ADDRESS OF JOHN PAUL II
TO THE CANONS REGULAR OF ST. AUGUSTINE
Thursday, 6 September 2001
Dear Abbot Primate,
Dear Canons Regular of St Augustine,
1. I am glad to receive you on the occasion of the International Congress of your Confederation and extend a warm welcome to each one of you. I greet the Abbot Primate and thank him for expressing your common sentiments. I greet all the participants in this meeting, which has just ended, on the theme: The participation of lay people in our charism.
This gives you an important opportunity to reflect on the ancient form of religious life that is rooted in the traditional formula: "Contemplare, et contemplata aliis tradere" ("Contemplate, and hand on to others the fruit of contemplation"). The venerable Augustinian tradition combines a contemplative spirit with apostolic activity and this approach to life still marks your communities, present on every continent. Thus you continue to pass on a spirituality that speaks to the minds and hearts of our contemporaries who are searching for effective spiritual models for inspiration. As I joyfully congratulate you on your vitality, I urge you to persevere in the commitment to offer everyone you meet in your apostolate the ongoing proclamation of the Gospel, expressed in the daily witness of fidelity to your charism.
You offer to the clergy in a concrete way, the practice of community life for the Kingdom
2. In the history of the Church, your Order, which takes its inspiration from St Augustine, the great Pastor and Doctor of the Church, has played an important role. To the extent that the celibacy of the clergy was being affirmed more firmly, the community life of the Canons Regular around the Bishops enabled them to create the best possible conditions for total dedication to the cause of the Kingdom of God. The rapid spread of community life among the clergy, from North West Africa to Spain, from Italy to France and to the whole of Northern Europe, based on your model, testifies to the validity of this practice.
The community life of the Canons Regular is distinguished by fraternal communion, the apostolate and an intense liturgical life. These three elements have retained their validity today even if they need to be wisely adapted to the demands of rapidly changing times. In this regard, the Rule itself is of great help to you; though it is linked to the spirituality of the early communities of Canons, it is always valid because it presents the charism of community life which flow from the undying Gospel principles such as charity, unity and freedom.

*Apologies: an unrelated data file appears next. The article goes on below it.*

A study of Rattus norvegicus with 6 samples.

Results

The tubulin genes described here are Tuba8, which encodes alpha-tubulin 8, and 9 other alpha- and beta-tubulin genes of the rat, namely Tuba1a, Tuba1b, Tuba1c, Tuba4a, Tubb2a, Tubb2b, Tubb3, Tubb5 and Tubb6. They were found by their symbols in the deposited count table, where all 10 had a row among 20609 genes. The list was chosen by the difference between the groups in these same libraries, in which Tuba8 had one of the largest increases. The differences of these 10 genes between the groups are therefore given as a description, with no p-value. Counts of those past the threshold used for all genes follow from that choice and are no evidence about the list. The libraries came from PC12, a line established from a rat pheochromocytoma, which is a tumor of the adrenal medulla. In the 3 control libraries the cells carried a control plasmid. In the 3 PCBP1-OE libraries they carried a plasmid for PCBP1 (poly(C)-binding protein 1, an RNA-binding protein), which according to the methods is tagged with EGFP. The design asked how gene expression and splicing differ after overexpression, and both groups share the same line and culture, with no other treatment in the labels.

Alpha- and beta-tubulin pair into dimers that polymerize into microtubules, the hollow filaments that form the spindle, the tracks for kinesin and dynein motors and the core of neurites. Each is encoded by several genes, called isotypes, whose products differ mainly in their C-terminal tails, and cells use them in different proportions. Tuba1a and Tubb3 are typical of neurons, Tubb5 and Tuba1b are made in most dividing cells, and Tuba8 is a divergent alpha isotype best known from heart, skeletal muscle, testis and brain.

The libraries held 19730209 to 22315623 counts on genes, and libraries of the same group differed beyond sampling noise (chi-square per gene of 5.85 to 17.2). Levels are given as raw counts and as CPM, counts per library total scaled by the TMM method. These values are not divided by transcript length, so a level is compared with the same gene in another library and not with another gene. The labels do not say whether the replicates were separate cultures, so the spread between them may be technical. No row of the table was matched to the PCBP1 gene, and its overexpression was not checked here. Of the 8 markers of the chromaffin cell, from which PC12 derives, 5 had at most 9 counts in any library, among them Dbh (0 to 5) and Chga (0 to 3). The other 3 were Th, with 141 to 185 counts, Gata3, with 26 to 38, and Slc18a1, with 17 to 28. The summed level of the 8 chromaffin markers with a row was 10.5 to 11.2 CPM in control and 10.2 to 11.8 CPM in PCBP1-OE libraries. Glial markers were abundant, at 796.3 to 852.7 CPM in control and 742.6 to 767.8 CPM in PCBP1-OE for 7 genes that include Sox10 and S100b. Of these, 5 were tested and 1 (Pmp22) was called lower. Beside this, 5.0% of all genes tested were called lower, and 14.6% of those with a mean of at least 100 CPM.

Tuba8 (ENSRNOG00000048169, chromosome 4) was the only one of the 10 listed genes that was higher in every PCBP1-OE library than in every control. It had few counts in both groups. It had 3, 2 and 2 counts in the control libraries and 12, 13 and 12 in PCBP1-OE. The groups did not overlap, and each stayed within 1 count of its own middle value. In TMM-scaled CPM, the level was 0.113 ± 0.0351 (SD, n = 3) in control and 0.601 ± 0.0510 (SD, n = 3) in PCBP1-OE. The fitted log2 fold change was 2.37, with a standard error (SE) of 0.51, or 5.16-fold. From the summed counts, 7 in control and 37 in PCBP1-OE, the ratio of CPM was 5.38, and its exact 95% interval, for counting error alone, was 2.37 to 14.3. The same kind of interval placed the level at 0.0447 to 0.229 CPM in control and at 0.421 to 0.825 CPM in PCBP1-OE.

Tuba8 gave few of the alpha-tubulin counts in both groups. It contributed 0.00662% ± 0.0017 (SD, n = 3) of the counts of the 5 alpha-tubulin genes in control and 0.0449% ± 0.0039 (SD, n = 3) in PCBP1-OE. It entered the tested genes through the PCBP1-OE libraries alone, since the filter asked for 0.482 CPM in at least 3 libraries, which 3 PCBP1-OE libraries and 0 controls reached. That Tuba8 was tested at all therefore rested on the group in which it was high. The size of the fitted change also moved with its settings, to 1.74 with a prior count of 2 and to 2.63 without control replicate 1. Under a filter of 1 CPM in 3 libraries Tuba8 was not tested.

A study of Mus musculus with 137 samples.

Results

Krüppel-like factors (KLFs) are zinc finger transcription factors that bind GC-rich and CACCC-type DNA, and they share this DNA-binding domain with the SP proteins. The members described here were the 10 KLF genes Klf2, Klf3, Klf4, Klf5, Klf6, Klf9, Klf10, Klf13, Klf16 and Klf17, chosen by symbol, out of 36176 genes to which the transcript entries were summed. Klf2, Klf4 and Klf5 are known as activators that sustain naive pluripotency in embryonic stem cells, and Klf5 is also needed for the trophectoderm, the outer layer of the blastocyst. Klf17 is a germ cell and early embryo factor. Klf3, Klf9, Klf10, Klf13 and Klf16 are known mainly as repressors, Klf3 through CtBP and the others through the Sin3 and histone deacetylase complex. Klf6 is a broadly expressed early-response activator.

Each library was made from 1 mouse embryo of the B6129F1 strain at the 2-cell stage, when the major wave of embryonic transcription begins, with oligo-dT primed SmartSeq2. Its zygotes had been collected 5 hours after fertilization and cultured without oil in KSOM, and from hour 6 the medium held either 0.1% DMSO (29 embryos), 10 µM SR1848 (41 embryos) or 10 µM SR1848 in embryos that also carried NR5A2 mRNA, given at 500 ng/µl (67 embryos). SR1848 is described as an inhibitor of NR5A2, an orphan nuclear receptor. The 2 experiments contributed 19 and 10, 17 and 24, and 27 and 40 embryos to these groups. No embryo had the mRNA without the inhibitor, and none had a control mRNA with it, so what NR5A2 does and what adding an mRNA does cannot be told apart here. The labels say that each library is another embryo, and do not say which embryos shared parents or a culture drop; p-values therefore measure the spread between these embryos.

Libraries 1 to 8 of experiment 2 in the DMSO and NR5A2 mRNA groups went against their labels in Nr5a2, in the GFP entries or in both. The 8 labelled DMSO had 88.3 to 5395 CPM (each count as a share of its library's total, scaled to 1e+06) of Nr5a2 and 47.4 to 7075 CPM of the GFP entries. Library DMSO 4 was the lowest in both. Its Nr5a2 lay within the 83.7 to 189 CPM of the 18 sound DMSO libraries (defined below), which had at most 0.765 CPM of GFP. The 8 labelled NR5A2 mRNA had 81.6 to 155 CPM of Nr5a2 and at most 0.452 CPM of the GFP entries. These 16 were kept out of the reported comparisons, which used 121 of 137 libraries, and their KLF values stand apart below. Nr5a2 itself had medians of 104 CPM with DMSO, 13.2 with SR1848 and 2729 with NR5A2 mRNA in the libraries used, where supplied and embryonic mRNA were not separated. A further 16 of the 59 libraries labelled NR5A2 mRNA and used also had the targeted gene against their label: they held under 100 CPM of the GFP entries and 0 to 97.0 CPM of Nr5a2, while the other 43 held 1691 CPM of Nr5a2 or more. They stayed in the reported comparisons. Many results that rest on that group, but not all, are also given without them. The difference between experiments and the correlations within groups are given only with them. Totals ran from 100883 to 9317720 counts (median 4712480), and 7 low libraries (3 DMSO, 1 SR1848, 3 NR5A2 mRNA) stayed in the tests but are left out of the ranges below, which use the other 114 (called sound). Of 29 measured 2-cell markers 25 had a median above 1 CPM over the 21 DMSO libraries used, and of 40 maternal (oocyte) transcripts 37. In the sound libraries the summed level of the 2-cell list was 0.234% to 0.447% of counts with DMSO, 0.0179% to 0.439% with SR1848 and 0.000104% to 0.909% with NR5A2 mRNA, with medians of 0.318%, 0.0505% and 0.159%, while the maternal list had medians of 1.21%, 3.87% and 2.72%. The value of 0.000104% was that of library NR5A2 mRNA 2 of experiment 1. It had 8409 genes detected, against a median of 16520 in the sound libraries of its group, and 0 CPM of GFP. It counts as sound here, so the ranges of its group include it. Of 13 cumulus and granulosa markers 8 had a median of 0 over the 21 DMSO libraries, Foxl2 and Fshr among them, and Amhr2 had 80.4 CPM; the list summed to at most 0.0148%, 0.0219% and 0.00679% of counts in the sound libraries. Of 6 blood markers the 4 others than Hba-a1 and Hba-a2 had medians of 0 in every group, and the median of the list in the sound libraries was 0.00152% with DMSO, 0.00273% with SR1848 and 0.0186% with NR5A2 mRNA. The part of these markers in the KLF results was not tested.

3. In your Rule which captures the heart, mind, spirit, personality and human and religious maturity of St Augustine, everything focuses on Christ, everything is articulated around Christ, the sublime interior Master. Everything is an invitation to rediscover an ascesis marked by obedience and fidelity to the Spirit.
From this stems the special emphasis that St Augustine placed on the value of contemplation and its close bond with community life. Contemplation, which flows from a radical orientation to Christ, consists in keeping one's gaze fixed on him, in order to be permeated and transformed by his Spirit.
That calls for a constant effort to acquire a deeper understanding of the Gospel and to put it into practice, living genuine, sincere and generous fraternal charity in the community, that results from, and leads to, progress in the interior contemplative journey. Fraternal charity that develops from intimate contact with the Lord thus becomes a gift and grace, to be shared with the brethren.
This is the contribution that the Church expects of you. I am sure that in living your charism to the full, you can help her to achieve the missionary goals toward which she is projected, impressing on your life the drive for the new evangelization.
4. The very theme of your congress on lay participation in the Order's charism, highlights an important aspect of your contribution to the evangelizing activity of the ecclesial community. To the extent that it seeks to put into practice the common priesthood of all the baptized and invites the lay faithful to be missionaries in the complex modern world, your way of life offers them a model they can follow. Indeed, you present a community experience in which lay people take up their specific role in the Church with responsible participation, strengthened by the grace that comes from a deep liturgical spirituality. All this creates the conditions for an effective service to evangelization and revives the atmosphere of the first Christian community, whose members "devoted themselves to the Apostles' teaching and fellowship, to the breaking of bread and prayer" (Acts 2,42).
Dear Brothers! As we take our first steps in the new millennium with the awareness of all the social and religious challenges that lie ahead, you witness courageously to your fidelity to the mission that the Lord entrusts to you, following the example of St Augustine, a brave and zealous Pastor. Like him, entrust yourselves to the action of the Spirit and do not fear to open yourselves with the optimism of the Gospel to human needs, "always ... prepared to make a defence to any one who calls you to account for the hope that is in you" (I Pt 3,15).
May the Blessed Virgin Mary, whom you venerate with special filial enthusiasm, accompany you and make your daily ministry fruitful. May the Blessing that I cordially impart to you, to your confreres and to all who have recourse to your Augustinian spirituality, be of great help to you!